Women are less confident than men regarding their retirement-fitting since nearly half of women have no retirement strategy.
The Transamerica Center for Retirement Studies’ 13th Annual Retirement Survey revealed that although 56% of women expect to self fund their retirement through 401(k)s, retirement accounts and other savings and investments, 48% reported they do not have any retirement strategy at all.
Of the 52% who have a retirement strategy, only 11% have that strategy written down.
“There is a striking disconnect among women between how they envision their retirement and how they are preparing to realize that vision,” Catherine Collinson, president of the Transamerica Center for Retirement Studies, said in a statement. “Women face a number of unique circumstances, such as typically lower wages than men, time out of the workforce to be a parent or caregiver and a longer life expectancy, which present challenges for saving.”
According to the report, a large reason for women’s lack of retirement confidence revolves around taking care of their families. A quarter of respondents said their single greatest retirement fear is not being able to meet the financial needs of the family. Only 20% consider saving for retirement a financial priority while 55% are focused on immediate priorities like paying off credit cards or basic living expenses.
However, even of those who do have strategies, the survey revealed there was a lot that most women didn’t factor in. For instance, only 39% considered investment returns, 35% inflation and 20% tax planning. And while 52% factored in health care costs, just 24% considered long-term care insurance.
Marriage positively influences the retirement outlook of not just women, but men as well. Married couples are more proactive, usually, when it comes to saving, planning and discussing retirement.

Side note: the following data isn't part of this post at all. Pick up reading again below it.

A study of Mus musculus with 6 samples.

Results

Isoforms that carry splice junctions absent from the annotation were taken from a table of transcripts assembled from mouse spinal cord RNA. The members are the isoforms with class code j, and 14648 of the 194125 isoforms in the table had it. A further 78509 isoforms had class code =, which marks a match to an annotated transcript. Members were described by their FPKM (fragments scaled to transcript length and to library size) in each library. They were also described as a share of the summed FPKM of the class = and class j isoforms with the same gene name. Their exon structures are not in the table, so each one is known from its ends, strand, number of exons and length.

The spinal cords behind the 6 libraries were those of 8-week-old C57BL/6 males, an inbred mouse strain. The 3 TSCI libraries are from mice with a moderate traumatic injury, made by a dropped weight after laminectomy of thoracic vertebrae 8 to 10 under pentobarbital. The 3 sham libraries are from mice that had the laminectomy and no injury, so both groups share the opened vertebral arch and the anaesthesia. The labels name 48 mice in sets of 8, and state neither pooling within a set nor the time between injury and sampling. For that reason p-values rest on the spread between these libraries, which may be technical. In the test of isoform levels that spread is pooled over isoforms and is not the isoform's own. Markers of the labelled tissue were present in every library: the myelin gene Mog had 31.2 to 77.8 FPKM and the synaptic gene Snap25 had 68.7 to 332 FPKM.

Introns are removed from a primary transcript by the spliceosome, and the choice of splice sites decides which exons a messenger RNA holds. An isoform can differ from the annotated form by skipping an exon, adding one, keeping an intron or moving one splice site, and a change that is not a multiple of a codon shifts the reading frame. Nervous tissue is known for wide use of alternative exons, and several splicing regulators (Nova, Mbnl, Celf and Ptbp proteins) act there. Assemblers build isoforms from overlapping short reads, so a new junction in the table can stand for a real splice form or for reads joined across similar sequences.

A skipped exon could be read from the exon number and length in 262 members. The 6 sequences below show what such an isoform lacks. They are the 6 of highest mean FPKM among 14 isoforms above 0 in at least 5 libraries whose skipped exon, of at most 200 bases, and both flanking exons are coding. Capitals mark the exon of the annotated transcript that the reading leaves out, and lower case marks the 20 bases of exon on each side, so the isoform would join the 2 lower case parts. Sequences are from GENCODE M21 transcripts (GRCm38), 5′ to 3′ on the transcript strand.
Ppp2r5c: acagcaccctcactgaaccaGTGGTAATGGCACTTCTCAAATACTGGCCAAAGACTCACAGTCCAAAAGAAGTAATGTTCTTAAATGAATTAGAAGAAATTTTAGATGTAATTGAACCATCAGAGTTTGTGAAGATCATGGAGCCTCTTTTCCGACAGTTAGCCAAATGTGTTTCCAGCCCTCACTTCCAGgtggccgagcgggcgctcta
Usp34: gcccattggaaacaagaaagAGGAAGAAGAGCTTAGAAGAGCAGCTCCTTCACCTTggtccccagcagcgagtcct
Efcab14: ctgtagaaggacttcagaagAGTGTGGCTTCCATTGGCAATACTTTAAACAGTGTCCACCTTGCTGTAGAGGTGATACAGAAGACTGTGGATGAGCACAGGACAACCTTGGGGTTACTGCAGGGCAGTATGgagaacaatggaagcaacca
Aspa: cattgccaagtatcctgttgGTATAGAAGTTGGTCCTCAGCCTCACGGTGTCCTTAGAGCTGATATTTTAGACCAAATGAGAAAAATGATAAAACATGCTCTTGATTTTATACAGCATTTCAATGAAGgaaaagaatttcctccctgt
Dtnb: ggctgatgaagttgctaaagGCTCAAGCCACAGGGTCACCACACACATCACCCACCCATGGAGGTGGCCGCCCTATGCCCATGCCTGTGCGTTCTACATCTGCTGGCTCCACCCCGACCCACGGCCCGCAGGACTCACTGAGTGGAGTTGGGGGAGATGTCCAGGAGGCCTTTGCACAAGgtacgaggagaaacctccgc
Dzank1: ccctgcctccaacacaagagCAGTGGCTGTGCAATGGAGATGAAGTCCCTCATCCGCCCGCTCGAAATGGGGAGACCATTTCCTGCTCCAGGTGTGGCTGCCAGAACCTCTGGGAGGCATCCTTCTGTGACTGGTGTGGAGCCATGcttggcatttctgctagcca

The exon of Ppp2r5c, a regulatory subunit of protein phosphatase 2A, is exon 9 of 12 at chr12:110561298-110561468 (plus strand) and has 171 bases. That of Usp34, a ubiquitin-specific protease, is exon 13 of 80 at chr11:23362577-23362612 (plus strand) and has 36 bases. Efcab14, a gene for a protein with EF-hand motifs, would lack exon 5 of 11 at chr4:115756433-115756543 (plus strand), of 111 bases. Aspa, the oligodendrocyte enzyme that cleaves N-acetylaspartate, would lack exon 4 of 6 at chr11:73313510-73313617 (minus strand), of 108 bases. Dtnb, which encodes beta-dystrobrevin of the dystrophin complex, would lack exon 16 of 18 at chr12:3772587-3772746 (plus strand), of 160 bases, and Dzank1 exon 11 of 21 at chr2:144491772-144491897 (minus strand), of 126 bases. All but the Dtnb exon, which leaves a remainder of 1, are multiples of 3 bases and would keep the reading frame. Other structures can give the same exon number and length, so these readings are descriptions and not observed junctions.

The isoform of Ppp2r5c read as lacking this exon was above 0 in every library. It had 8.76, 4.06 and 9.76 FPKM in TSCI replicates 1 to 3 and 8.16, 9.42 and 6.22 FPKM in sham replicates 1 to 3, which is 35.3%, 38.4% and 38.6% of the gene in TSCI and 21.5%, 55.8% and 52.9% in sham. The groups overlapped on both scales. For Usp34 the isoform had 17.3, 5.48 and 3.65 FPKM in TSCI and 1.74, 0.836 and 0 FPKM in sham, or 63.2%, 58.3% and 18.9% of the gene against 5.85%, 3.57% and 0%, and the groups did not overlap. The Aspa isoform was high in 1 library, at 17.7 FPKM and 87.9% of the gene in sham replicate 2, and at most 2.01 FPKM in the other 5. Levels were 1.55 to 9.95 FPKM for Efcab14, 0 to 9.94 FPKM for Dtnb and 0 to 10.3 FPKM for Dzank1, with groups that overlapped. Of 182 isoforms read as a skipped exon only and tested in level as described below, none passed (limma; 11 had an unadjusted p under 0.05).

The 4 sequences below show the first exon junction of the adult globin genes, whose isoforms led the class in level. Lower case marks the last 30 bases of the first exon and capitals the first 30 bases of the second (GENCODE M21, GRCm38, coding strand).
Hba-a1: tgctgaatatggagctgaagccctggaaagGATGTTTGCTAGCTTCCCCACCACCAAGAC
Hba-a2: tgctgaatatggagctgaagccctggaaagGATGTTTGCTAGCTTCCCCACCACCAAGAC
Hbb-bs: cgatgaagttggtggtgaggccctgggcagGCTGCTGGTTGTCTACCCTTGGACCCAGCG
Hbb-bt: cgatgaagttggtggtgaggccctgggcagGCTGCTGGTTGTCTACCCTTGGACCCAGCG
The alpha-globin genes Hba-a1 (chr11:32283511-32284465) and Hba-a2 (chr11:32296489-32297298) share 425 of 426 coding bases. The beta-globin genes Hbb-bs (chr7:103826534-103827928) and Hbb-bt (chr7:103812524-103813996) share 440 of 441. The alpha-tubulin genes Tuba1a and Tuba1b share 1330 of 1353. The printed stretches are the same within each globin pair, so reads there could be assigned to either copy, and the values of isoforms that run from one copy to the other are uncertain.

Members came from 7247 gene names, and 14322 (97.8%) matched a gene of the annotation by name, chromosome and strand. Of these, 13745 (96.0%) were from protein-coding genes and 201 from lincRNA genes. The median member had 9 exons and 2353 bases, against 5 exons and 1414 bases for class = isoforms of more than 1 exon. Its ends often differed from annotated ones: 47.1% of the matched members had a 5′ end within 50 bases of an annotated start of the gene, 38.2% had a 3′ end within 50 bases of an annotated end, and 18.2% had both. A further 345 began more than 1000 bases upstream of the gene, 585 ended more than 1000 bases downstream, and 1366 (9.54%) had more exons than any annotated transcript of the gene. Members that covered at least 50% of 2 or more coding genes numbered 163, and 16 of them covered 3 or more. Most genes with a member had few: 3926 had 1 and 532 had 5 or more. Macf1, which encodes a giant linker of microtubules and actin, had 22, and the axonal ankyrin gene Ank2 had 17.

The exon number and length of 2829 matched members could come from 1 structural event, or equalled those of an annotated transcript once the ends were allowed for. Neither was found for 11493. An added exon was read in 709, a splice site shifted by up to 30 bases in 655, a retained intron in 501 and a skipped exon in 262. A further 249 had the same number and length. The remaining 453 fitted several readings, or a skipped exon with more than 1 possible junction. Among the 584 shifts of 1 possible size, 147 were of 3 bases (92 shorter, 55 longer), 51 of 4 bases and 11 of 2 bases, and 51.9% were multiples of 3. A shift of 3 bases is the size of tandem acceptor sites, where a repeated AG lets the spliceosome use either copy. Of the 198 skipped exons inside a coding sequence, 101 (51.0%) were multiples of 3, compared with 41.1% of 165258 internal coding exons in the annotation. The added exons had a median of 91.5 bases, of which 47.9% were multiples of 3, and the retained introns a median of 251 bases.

Go to the next page to see the seven tips for women to create a retirement strategy.
7. Talk about retirement with family and close friends.
An open dialogue with trusted love ones about expectations of either needing to provide or receive financial support should be part of every woman's retirement strategy.
6. Have a backup plan in case you cannot work until your planned retirement.
A job loss, health issues or family obligations can force you into retirement sooner than expected. Only 20% of baby boomer women have a back-up plan for this situation. Potential cost-cutting lifestyle changes are moving to a smaller home or taking on a roommate.
5. Get educated about retirement investing.
Seek professional assistance if needed. Only 30% of women said a financial planner/broker is their go-to source for information. You should learn about ways to make your savings last longer. A professional can also help suggest the ideal time to withdraw from retirement accounts to minimize taxes and penalties.
4. If your employer offers a plan, participate and defer as much as you can.
If you decide not to maximize annual salary deferrals, you should be saving outside of work, as well. Workers who are age 50 and older can make catch-up contributions.
3. Consider retirement benefits as part of your total compensation.
If your employer doesn't offer you a plan, ask for one. A high percentage of women work part-time and therefore, do not have access to workplace retirement benefits.
2. Calculate your retirement savings needs.
Based on what you come up with, you will know how much should be saved so you can reach those retirement needs. One thing to consider is that women have longer life expectancies than men, and therefore have greater savings needs.
1. Develop a retirement strategy and write it down.
Envision your future retirement and calculate how much you will need to save each year, factoring in living expenses, health care, long-term care and benefits. What you should also consider while making this plan is the financial trade-offs if you choose to take time out of work to be a parent or caregiver.